WV House Health Committee approves amended version of tanning bi - Beckley, Bluefield & Lewisburg News, Weather, Sports

WV House Health Committee approves amended version of tanning bill


The House Health Committee on April 2 amended sections of Senate Bill 424, which prohibited the use of tanning beds by individuals younger than 18. However, the amendment says teens between the ages of 14 and 18 can use tanning facilities if their parents sign a consent form and show photo ID.

That changes the original Senate bill, which restricted use entirely for minors. But Delegate Tiffany Lawrence, D-Jefferson, said she hopes parents and teens will realize tanning beds are not safe. She told the committee she would often tan as a teen and is now suffering the consequences.

"We are all in agreement something needs to be done to protect our children from the dangers of tanning beds," she said.

A second amendment to the bill reduced the fines facilities would incur if they did not abide by the new legislation. In the original bill, a first offense would be a misdemeanor and result in a $500 fine. A second offense also is a misdemeanor and would cost a facility $500 to $1,000 or jail time of 10 days to one year; a third offense would cost between $2,000 and $5,000 or 30 days to one year in jai; and subsequent offenses would result in the revocation of the business registration certificate to operate a tanning facility.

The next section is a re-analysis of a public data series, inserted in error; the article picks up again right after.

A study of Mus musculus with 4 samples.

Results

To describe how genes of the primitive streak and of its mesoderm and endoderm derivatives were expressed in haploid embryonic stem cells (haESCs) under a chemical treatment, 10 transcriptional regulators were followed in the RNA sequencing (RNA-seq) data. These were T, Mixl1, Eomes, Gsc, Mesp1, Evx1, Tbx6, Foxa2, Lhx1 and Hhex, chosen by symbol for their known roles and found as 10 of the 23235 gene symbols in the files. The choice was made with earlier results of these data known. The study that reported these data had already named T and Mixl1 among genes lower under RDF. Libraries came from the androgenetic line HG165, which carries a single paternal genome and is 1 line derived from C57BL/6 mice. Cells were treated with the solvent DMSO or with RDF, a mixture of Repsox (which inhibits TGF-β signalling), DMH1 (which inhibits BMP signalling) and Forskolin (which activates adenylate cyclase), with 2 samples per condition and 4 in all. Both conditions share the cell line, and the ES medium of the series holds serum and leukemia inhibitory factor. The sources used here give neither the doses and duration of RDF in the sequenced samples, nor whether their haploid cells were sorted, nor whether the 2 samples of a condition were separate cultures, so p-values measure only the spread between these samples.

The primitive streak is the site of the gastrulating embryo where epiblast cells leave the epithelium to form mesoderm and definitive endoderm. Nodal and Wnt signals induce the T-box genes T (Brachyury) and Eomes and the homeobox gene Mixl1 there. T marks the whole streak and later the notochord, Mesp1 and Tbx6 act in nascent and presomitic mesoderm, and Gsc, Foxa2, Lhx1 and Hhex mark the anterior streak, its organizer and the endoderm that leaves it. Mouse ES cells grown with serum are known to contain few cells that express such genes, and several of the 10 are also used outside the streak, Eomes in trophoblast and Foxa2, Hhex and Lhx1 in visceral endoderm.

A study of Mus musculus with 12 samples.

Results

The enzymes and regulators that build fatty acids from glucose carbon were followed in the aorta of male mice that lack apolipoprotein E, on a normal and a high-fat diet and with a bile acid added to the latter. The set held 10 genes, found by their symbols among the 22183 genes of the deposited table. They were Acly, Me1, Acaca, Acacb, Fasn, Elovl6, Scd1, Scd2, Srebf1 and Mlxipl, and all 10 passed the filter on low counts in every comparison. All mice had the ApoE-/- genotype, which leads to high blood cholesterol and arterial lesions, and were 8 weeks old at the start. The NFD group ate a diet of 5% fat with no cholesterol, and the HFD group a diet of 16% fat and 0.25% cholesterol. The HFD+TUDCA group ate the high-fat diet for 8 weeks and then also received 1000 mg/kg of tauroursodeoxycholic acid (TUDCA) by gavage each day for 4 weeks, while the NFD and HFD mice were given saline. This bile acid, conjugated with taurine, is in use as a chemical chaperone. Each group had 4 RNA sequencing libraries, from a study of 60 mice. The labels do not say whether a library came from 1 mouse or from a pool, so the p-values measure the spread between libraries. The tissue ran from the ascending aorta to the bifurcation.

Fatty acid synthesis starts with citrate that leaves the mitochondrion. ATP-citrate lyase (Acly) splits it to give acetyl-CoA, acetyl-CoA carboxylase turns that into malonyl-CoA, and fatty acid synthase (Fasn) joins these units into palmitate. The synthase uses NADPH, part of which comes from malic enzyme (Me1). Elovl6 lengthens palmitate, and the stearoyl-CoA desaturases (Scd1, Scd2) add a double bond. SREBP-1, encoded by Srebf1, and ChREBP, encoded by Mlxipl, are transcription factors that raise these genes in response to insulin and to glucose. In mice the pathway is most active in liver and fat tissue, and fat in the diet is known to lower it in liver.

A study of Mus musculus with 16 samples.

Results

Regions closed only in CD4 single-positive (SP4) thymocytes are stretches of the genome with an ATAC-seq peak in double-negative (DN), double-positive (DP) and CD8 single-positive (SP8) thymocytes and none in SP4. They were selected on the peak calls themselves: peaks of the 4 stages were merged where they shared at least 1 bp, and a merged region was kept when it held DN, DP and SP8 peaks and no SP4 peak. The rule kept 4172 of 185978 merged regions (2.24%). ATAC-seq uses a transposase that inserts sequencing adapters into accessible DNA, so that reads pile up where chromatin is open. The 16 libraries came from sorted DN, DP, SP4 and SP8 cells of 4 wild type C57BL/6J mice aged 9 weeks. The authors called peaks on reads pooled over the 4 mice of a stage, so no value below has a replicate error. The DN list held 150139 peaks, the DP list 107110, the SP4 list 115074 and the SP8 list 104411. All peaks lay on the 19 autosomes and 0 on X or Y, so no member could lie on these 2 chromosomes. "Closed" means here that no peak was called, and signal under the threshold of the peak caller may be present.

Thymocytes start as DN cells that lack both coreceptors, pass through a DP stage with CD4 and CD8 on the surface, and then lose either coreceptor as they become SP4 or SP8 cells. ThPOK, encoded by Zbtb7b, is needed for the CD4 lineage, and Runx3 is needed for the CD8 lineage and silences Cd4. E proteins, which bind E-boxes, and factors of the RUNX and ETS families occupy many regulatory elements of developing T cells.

But delegates felt those fines were too high, so they voted to restructure the penalties. Now, facilities in violation of the law would pay hundreds of dollars in fines, not thousands, and the jail time has been removed. Lawrence cited the recently released justice reinvestment report and said tanning facilities in violation should not be subjected to such harsh penalties because it would further increase the burden on the state's regional jails. Delegate Daryl Cowles, R-Morgan, said lowering the fines and removing the jail time is "a smart thing to do."

"The penalties are too stiff and too burdensome as drafted," he said. "I think this is a much more reasonable approach removing the jail time."

But not all delegates agreed with the amendment.

"I think to take the whole section d out makes it a little bit weak," said Delegate Charlene Marshall, D-Monongalia. "For the number of years I've been here, we've been trying to do something about the tanning beds. It seems that every year we make it too weak or we cut it down so it's not very effective."

Both amendments were adopted and the bill passed out of committee. It will now go to House Judiciary, which also can amend the bill before reporting it to the full House of Delegates for a vote. But because it is an amended Senate bill, it must go back to the Senate where that body will approve or reject changes.